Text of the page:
Eagles quarterback Donovan McNabb practices during camp at Lehigh University, in Bethlehem, Pa., Tuesday, July 22, 2008.AP PHOTO
BETHLEHEM, Pa. — Donovan McNabb zipped passes to rookies and undrafted no-names, clearly not bothered by a shoulder injury that forced him to miss a few offseason practices.
The five-time Pro Bowl quarterback joined rookies and selected veterans Tuesday as the Philadelphia Eagles kicked off training camp at Lehigh University. Though McNabb was expected to participate all along, many watched closely to see if the shoulder affected him.
After limiting McNabb’s throws in minicamp, the Eagles shut him down during a passing camp in June because of an injury they termed “tendinitis.” McNabb called it “tightness.” No matter, he rested his shoulder, rehabbed and resumed throwing during workouts with teammates at his home in Arizona.
“I haven’t had any reoccurrence,” he said. “It’s fine, and I don’t expect to have any reoccurrence. It took rest and stretching. In this position I play, it’s just repetition and continuing to throw the routes and getting that velocity back that you would throw in game speed.”
Eagles coach Andy Reid plans to hold McNabb to a pitch count in camp. That doesn’t mean McNabb will get yanked from games in the fourth quarter if he reaches a certain number of passes the way a starting pitcher is pulled after making 100-plus pitches in a baseball game.
But McNabb probably will get more rest in practice, giving way to backups Kevin Kolb and A.J. Feeley.
“We keep a count of it each day and it feels fine now,” McNabb said.
McNabb fired several passes to second-round pick DeSean Jackson and rookie free agent Shaheer McBride in the morning practice. He drew cheers from the crowd after tossing a pretty 35-yard pass to Frantz Hardy, another undrafted rookie.
The team’s first practice in full pads is set for Saturday, so McNabb will have to wait a few more days before he can work with more familiar targets. The team didn’t get him a big-time playmaker like Chad Johnson, Larry Fitzgerald or Roy Williams, but McNabb is saying all the right things publicly.
“I love my guys,” he said.
INDIANAPOLIS — Tony Dungy is certain Peyton Manning’s left knee will be ready for the Colts’ season-opener.
Heck, the Colts coach said he thinks Manning might even play during the presesason.
On Tuesday, Dungy said he was optimistic the Colts’ biggest question heading into training camp — Manning’s valuable knee — could be resolved quicker than most people expect. Manning had surgery last week to remove an infected bursa sac, a procedure doctors said would require four to six weeks to heal.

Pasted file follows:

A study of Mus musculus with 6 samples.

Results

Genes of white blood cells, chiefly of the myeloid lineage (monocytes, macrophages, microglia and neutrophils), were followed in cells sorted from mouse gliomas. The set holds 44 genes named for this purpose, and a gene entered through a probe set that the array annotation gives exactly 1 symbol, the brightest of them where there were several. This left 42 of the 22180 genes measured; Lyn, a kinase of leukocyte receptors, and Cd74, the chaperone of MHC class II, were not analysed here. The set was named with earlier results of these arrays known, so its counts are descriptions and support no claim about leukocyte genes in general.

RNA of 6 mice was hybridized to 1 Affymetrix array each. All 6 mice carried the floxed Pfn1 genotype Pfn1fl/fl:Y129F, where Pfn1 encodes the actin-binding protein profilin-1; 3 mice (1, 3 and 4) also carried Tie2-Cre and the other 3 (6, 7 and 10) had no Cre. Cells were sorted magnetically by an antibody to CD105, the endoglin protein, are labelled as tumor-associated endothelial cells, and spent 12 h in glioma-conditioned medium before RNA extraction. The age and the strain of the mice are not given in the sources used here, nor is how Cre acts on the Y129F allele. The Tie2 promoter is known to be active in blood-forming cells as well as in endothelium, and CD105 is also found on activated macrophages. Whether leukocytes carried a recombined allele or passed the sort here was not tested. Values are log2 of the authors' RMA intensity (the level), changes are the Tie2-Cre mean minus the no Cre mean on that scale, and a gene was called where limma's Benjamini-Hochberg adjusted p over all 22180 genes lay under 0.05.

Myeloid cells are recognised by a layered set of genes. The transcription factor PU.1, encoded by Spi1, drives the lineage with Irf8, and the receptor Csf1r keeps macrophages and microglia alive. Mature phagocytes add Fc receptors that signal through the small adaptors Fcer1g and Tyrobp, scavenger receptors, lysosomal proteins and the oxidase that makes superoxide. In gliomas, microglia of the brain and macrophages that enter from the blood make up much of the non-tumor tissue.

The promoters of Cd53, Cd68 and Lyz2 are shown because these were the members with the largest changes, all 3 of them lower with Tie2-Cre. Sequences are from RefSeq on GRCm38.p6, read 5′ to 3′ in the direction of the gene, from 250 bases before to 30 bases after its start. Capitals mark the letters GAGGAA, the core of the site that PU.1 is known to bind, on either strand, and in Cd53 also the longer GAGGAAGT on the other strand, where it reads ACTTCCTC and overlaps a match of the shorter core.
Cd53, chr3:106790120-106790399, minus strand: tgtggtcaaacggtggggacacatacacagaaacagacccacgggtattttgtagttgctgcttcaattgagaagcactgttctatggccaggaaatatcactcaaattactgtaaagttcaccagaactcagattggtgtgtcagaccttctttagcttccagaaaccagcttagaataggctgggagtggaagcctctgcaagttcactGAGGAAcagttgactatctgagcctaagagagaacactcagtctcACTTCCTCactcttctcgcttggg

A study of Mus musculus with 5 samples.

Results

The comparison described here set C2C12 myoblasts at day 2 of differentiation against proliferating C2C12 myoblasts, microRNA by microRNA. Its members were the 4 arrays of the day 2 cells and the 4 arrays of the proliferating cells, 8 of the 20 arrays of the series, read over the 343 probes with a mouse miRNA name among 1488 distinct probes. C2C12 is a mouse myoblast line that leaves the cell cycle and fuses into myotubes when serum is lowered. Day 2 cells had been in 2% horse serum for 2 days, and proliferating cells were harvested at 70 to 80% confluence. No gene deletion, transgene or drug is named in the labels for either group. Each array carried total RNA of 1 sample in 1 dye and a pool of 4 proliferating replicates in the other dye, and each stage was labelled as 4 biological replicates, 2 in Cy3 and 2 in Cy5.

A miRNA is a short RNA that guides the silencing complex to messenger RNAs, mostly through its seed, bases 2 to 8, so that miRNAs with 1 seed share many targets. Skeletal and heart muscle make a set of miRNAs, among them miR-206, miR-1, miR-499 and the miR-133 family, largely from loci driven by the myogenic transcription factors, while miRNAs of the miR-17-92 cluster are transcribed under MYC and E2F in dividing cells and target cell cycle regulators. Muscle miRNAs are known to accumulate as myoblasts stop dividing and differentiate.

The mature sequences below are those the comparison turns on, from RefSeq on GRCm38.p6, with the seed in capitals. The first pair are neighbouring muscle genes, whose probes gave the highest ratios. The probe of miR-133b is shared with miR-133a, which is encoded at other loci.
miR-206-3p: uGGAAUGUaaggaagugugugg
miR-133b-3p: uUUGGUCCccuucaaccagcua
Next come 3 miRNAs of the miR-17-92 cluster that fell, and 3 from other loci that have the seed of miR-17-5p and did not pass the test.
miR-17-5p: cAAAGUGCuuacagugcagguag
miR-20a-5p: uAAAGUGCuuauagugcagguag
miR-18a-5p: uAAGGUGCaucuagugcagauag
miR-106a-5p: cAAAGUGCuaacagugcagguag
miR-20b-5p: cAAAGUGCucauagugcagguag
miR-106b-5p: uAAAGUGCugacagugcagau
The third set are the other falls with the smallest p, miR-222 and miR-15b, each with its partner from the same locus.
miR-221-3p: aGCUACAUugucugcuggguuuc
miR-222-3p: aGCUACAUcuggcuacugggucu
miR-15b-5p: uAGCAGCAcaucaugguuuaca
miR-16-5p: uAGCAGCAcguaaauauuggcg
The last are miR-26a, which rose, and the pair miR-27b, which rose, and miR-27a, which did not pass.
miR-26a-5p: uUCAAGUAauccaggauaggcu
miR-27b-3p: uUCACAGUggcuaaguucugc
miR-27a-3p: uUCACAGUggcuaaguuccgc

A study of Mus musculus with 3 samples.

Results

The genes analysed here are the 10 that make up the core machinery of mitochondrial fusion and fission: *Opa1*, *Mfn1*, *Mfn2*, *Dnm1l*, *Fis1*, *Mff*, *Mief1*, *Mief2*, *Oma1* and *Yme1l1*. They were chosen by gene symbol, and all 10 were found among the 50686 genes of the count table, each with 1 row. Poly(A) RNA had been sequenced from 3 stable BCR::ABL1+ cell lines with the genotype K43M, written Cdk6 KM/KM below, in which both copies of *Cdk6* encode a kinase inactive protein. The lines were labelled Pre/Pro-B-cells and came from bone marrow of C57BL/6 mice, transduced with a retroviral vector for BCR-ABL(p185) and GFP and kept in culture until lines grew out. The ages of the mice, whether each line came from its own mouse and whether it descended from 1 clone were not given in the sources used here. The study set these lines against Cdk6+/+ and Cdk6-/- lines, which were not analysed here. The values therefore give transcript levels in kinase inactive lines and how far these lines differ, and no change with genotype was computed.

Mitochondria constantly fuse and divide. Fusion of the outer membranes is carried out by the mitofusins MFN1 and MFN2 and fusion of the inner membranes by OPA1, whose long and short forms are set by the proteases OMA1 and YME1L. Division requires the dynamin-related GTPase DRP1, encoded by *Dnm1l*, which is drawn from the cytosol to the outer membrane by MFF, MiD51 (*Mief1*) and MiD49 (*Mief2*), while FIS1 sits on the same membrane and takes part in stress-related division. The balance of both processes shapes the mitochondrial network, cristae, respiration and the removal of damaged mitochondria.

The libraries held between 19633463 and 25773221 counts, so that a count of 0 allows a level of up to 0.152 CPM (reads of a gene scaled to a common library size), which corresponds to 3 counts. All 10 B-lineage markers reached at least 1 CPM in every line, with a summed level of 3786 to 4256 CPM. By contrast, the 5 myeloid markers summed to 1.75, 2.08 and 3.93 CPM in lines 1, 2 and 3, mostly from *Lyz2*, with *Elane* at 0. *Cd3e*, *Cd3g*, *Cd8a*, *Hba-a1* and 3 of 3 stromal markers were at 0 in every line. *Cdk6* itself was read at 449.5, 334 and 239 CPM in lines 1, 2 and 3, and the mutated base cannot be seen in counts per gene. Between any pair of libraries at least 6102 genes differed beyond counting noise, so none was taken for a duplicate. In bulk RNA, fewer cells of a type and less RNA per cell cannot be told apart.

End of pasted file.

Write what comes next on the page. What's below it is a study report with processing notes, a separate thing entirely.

Typically, Dungy defers to the medical experts on injury matters, but the Colts’ Super Bowl-winning coach knows Manning well enough to realize keeping Manning off the field for six weeks may be tougher than the rehab process.
“I have talked to Peyton and we’re just following the doctors instructions right now,” Dungy said. “I’m hoping for four weeks, but if he’s truly out six weeks, I think it will be hard to keep him out. However it goes, he’ll be ready when he comes back.”
Manning has not spoken publicly since having surgery last Tuesday and is expected to take questions Thursday when the Colts report to Rose-Hulman Institute of Technology in Terre Haute, Ind.
Over the past decade Manning has earned a reputation as one of the league’s best and most durable quarterbacks. He has started all 160 regular-season games in his 10-year career, the second-longest streak of any quarterback in NFL history behind Brett Favre’s record of 253. Manning has never missed a playoff start, either, compiling a postseason record of 7-7, and has missed only one play in his pro career because of injury.
It’s not the first time Manning has battled a bursa sac injury.
During the SEC championship game of his senior season at Tennessee, Manning ruptured a bursa sac in his right knee then played through the injury in the Orange Bowl. He was later hospitalized when it became infected but showed no ill-effects; he produced the best statistics of any rookie quarterback in league history.
Still, this is the first time Indy enters camp with any questions at quarterback since Manning’s five-day contract holdout in 1998, his rookie season.
But Manning’s absence may have less effect this summer since Dungy, offensive coordinator Tom Moore and associate head coach Jim Caldwell had already decided to limit how many snaps the 32-year-old Manning would have in camp.
“It may be a blessing in disguise because Tom, Jim and I talked in June about giving Jim (Sorgi) some extra work with the first group anyways,” Dungy said. “Peyton would like to take every snap, but Jim (Caldwell) has scaled it back every year. It would be optimal to get a couple of weeks in, but if not I think we’ll be able to go.”
Manning won’t be the Colts’ only prominent player missing from Friday’s first practice.
Dungy expects four other starters to join Manning on the PUP list — safety Bob Sanders, last year’s NFL defensive player of the year; defensive end Dwight Freeney, the 2004 NFL sacks champion; guard Ryan Lilja and linebacker Tyjuan Hagler. All are expected to be ready for the season-opener, Sept. 7 against Chicago.
SAN DIEGO — Chargers defensive end Luis Castillo has agreed to a five-year contract extension through 2014 valued at more than $43 million.
The deal, announced Tuesday, will pay Castillo a guaranteed $17.5 million in signing and roster bonuses.
Castillo’s contract had been due to expire after the 2009 season.
“Since his arrival, Luis has played a huge role in the success we’ve had as a defense,” general manager A.J. Smith said in a statement. “He’s an ascending player who is committed to getting better.”
Castillo was the second of the Chargers’ two first-round draft picks in 2005. He has 13 sacks in 36 career games, including 33 starts.